Society versus The State

Oscar B. Johannsen

[Reprinted from Fragments, January-December 2000]

As The State becomes more and more intrusive, questions are being raised as to what is this organization which occupies so much time of each individual? Is The State in actuality Society or a form of Society?

Webster's Third New International Dictionary (Unabridged) defines Society as "a voluntary association of individuals cooperating with one another for particular aims." A society may be as simple as a Chess Club in which the members voluntarily agree to cooperate with one another in playing chess, with specific rules which apply to all. The members join or leave the group, and no one prevents them from doing so, as it is a voluntary association. Society, in the broader sense, is an unorganized, voluntary association of all of us cooperating with one another to attain diverse ends.

The State is defined by the dictionary as "a body of people occupying a definite territory, and politically organized under a sovereign government almost entirely free from external control, and possessing coercive power to maintain order within the community." Essentially, then, The State is an organization which controls a certain area of land, large or small, with members who may have been born into it, or who voluntarily joined it, but who ordinarily cannot depart voluntarily unless under special dispensation. The State almost assumes the character of an individual and is often discussed in abstract terms as though it is a living and breathing creature. But it is nothing of the sort. It is primarily an organization in which the members, though they may or may not have established the rules, are forced to obey it, whether they like it or not. Though the members may think they control it, for all practical purposes it is controlled by a coterie of individuals, small or large, with or without the consent of the members. The coterie, whether elected, or in power by means of a coup d'etat, is able to enforce its rules, as it has at its disposal armed forces. It is the army which in the long run keeps the coterie in power. The smart dictator coddles the army with excellent pay and any emolument which will insure that the army will obey the dictator's commands.

With the passage of time, The State gains almost a godlike character so that its commands are almost divine. Its members will do things which, as individuals, they would never think of doing. They will drop bombs on people, killing men, women, and children. Though their consciences may trouble them, they feel they are obeying the commands of a Superior Being.

History teaches that The State began as an organized gang of individuals who by force of arms preyed on unorganized individuals, i.e., the organized gang robbed the unorganized individuals. With time's passage, all manner of rationales, consciously or unconsciously, arose to cover up the fact that what was nothing more than simple out-and-out robbery became "taxes," raised for the good of the people.

As The State grows, it acquires what are considered to be its duties, such as the protection of its members from anyone other than The State that is robbing them. The State is happy to perform these duties, as it makes its members more dependent on The State, thereby assuring the coterie will remain in power. All of the so-called beneficial duties of The State can be performed by Society, probably more effectively and efficiently, even armed protection, but few would believe this to be so. Thus, The State goes on its merry way, acquiring more and more power until it becomes so bloated that it implodes or is conquered by another less coercive State.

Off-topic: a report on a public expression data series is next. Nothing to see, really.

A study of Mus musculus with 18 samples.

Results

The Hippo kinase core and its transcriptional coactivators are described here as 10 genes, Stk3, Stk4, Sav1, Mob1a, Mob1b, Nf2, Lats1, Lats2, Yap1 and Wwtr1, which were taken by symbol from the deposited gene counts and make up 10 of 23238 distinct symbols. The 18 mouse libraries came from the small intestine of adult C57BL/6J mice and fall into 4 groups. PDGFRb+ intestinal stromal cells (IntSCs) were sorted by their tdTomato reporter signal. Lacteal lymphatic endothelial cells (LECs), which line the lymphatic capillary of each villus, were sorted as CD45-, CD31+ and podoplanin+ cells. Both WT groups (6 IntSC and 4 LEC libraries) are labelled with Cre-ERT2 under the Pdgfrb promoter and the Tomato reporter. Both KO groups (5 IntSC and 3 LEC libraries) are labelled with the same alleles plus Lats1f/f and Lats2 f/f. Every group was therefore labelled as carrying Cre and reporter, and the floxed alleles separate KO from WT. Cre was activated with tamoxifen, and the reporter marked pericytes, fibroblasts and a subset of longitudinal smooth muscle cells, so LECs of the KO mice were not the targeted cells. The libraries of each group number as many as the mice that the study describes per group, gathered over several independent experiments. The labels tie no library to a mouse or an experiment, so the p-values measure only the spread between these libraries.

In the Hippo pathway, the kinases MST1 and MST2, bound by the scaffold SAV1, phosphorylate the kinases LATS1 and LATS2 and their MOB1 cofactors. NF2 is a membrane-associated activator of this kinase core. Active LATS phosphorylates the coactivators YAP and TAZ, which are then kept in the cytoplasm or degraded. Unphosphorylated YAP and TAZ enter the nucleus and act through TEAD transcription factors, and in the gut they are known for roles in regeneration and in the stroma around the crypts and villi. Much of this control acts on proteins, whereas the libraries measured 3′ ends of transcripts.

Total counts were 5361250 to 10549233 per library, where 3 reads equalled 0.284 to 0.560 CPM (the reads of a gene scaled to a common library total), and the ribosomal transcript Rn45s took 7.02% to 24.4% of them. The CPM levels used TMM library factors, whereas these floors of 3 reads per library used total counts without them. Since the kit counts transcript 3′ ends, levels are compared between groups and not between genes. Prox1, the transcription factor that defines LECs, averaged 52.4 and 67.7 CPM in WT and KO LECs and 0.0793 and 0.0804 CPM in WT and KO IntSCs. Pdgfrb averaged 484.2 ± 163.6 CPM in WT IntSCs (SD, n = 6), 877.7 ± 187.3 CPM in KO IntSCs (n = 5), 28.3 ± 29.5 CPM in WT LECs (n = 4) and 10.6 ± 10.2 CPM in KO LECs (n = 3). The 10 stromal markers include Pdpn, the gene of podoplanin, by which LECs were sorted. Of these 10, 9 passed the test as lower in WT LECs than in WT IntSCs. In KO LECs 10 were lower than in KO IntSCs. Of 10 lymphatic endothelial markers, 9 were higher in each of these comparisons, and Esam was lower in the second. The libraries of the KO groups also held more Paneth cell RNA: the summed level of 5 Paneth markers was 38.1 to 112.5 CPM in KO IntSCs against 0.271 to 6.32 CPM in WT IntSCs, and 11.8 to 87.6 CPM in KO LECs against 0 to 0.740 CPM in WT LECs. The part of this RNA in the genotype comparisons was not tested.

The beauty of parliaments and congresses is that the people believe they are running The State. The members of the coterie may change, but the results are still the same - taxes, taxes, and more taxes. Political campaigns are primarily contests to determine who controls the people. And as The State acquires more power, the people become more demanding of the ever-increasing benefits, with the politicians who promise the most usually winning.

While there may be periods when there are no major wars, sooner or later wars erupt, often because of unemployment caused by our unjust system of land tenure. Hitler built up the German army to solve unemployment. In WW2, the German people thought they were fighting for the Fatherland, an abstraction which they could not define. Actually, they were fighting to keep Hitler in power. When they had won in the West, he had to turn to the East and fight Russia. To have disbanded the army would have meant huge unemployment. He, therefore, invaded Russia and hoped to conquer enough of it so he would have land for his soldiers, thereby solving unemployment in Germany.

The State, is, basically, corrupted Society. Will it be possible to eliminate The State? Probably not, for the fundamental law of human nature is that man seeks to satisfy his desires with the least effort. Robbery is probably the easiest way to acquire wealth, and when it is disguised as taxes, or welfare, or whatever other rationale is devised, it will continue to be practiced. Possibly, if people adopt the Ghandi-type of individual behavior in their relations with one another, it may be possible. Ethical and religious values would probably have to dominate, so that they become as natural as breathing. But that would take generations for them to be inculcated in the human psyche. Until that time comes, the best that can be dune is probably to organize as many groups as possible with aims such as the reduction of taxes or the elimination of some of the monopolies which The State may have created.

It must never be forgotten that: The essence of The State is coercion, but the essence of Society is freedom.